Panic not setting in for Tony Stewart despite slow start


The three-time Sprint Cup champion appears to be up against it again this weekend at Bristol Motor Speedway after qualifying 37th – the worst out of the four-car Stewart-Haas Racing camp.

But while SHR struggles to get competitive across the board outside of Kevin Harvick (who won two weeks ago at Phoenix and was a threat in Vegas until his car suffered a wheel hub failure), the team’s vice president of competition – and Stewart’s former crew chief at Joe Gibbs Racing – says that the sometimes combustible Stewart has not lost his cool over the early struggles.

“We’re just not giving him what he’s comfortable with,” Greg Zipadelli admitted to the AP’s Jenna Fryer. “We’re dragging the racetrack. It’s not little things. It’s way off. Last week [at Vegas] was a human error. He did an amazing job driving that car. I went down in the corner and watched it and most people would have wrecked that thing.

“We got it home and found some mechanical, human error. Shame on us. That stuff can’t happen at this level. It certainly shouldn’t happen to that caliber of driver. We owe him a lot more than that.”

It should also be noted that in addition to recovering from his leg injury, Stewart has also been trying to find the proper rhythm with a new crew chief in former Michael Waltrip Racing member Chad Johnston.

From Zipadelli’s standpoint, Stewart and Johnston have been improving in regards to communication and that eventually, a “platform” will be found to help Stewart return to contender status.

“It seems every week they start a little bit behind in trying to figure out what he wants,” Zipadelli added. “I feel like the group we have there will do a really good job once we find that platform that Tony wants.

“They’re very detailed, understanding and will be able to tune and be able to bring him the same thing week in and week out once they find it.”

But in the here and now, Stewart faces a tall task tomorrow as he aims to move from deep within the field. Bristol has not been one of his better tracks in recent years, with just one Top-5 finish (a second in the 2010 spring race) in his last 10 starts there.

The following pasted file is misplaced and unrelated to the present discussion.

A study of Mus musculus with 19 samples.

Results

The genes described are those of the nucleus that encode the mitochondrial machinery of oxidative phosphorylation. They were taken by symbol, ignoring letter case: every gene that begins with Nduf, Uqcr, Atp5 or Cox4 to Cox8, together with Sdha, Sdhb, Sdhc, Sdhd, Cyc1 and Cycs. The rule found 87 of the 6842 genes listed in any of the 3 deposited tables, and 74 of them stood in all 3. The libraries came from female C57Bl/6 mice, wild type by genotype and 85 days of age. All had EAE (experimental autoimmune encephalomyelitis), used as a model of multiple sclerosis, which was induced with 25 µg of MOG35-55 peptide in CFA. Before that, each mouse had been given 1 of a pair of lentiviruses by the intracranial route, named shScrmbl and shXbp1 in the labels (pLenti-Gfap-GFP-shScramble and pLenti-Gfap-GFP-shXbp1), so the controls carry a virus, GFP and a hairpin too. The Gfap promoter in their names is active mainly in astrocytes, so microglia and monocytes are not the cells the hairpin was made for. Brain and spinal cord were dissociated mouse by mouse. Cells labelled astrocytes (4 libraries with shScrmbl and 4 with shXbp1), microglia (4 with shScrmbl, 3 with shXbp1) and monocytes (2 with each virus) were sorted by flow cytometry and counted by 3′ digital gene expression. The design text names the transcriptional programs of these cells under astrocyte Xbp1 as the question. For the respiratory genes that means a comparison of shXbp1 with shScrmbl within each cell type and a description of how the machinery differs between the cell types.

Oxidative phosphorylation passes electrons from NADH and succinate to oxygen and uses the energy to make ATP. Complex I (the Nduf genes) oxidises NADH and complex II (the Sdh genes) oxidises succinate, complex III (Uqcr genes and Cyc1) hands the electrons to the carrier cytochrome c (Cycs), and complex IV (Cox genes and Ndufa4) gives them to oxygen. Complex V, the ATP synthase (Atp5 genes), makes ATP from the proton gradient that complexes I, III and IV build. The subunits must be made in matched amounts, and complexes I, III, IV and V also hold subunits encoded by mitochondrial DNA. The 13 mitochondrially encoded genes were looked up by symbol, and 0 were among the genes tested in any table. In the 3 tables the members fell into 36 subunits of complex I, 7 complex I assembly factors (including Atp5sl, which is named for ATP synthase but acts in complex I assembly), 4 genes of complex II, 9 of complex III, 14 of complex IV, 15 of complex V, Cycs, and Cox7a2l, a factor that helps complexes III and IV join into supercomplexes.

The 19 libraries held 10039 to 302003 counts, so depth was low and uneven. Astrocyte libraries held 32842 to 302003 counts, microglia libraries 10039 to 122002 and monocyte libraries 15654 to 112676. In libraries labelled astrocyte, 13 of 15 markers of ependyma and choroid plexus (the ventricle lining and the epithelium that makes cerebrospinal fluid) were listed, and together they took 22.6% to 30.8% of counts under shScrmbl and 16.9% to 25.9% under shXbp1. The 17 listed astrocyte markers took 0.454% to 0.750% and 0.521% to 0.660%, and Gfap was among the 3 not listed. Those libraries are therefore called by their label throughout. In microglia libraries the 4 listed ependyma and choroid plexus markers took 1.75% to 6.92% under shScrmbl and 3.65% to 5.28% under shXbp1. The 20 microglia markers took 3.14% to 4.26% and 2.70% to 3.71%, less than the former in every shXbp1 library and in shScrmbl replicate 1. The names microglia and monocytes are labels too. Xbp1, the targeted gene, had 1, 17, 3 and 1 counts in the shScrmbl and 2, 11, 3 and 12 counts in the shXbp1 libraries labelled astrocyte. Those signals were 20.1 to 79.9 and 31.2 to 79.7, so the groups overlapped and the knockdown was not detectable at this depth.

IndyCar 2017 driver review: Sebastien Bourdais


Sebastien Bourdais, No. 18 Dale Coyne Racing Honda

  • 2016: 14th Place, 1 Win, Best Start 3rd, 1 Podium, 3 Top-5, 11 Top-10, 24 Laps Led, 11.9 Avg. Start, 11.2 Avg. Finish
  • 2017: 21st Place (8 Starts), 1 Win, Best Start 6th, 2 Podiums, 2 Top-5, 5 Top-10, 74 Laps Led, 12.4 Avg. Start, 11.0 Avg. Finish

The 2017 campaign for Sebastien Bourdais upon his return to Dale Coyne Racing will forever be known as both a year of “what could have been” and a year of “what a comeback it was.”

The abnormal season for Bourdais stretched eight races with a three-month break in the middle owing to his own mistake qualifying for the Indianapolis 500, which left him with multiple pelvic fractures and a fracture to his right hip. His car was a rocket ship; but after two laps at 231 mph, Bourdais appeared to over-correct and destroyed the wall at Turn 2 in Indy in a massive 127G impact. It was a horrific looking accident, but one that also saw Bourdais rather lucky to have not been injured worse.

It set forth in motion an incredible recovery that saw Bourdais back testing the Monday after Mid-Ohio, just over two months since the accident, then in race action just over three months later at the 1.25-mile Gateway Motorsports Park oval, and because Bourdais is a regulation badass, he finished in the top-10 straight out of the box. He worked as hard as he did to return earlier than anticipated to avoid an offseason of questions asking if he’d come back and if he’d be strong enough to do so.

The recovery was a welcome story to end the year after the agony at Indy that stopped a potential title run or certainly top-five in points finish in its tracks. A classic Coyne strategy special vaulted Bourdais from last to first and a popular win in his U.S. hometown of St. Petersburg to kick off the year. A second place at Long Beach backed it up and eighth at Barber kept him atop the standings.

But Indy was shaping up to be an important bounce back weekend after Bourdais got taken out in Phoenix, then incurred an engine failure in the IMS road course race. And then, of course, his loud and violent accident qualifying for the ‘500 changed the course of the season.

After three “almost there” but largely unfulfilling years at KV Racing Technology, Bourdais embraced the family atmosphere back at Coyne along with longtime engineers Craig Hampson and Olivier Boisson, determined to continue punching above the team’s weight. He crafted a remarkable story all season and will be keen to fulfill it over the course of a proper full campaign in 2018.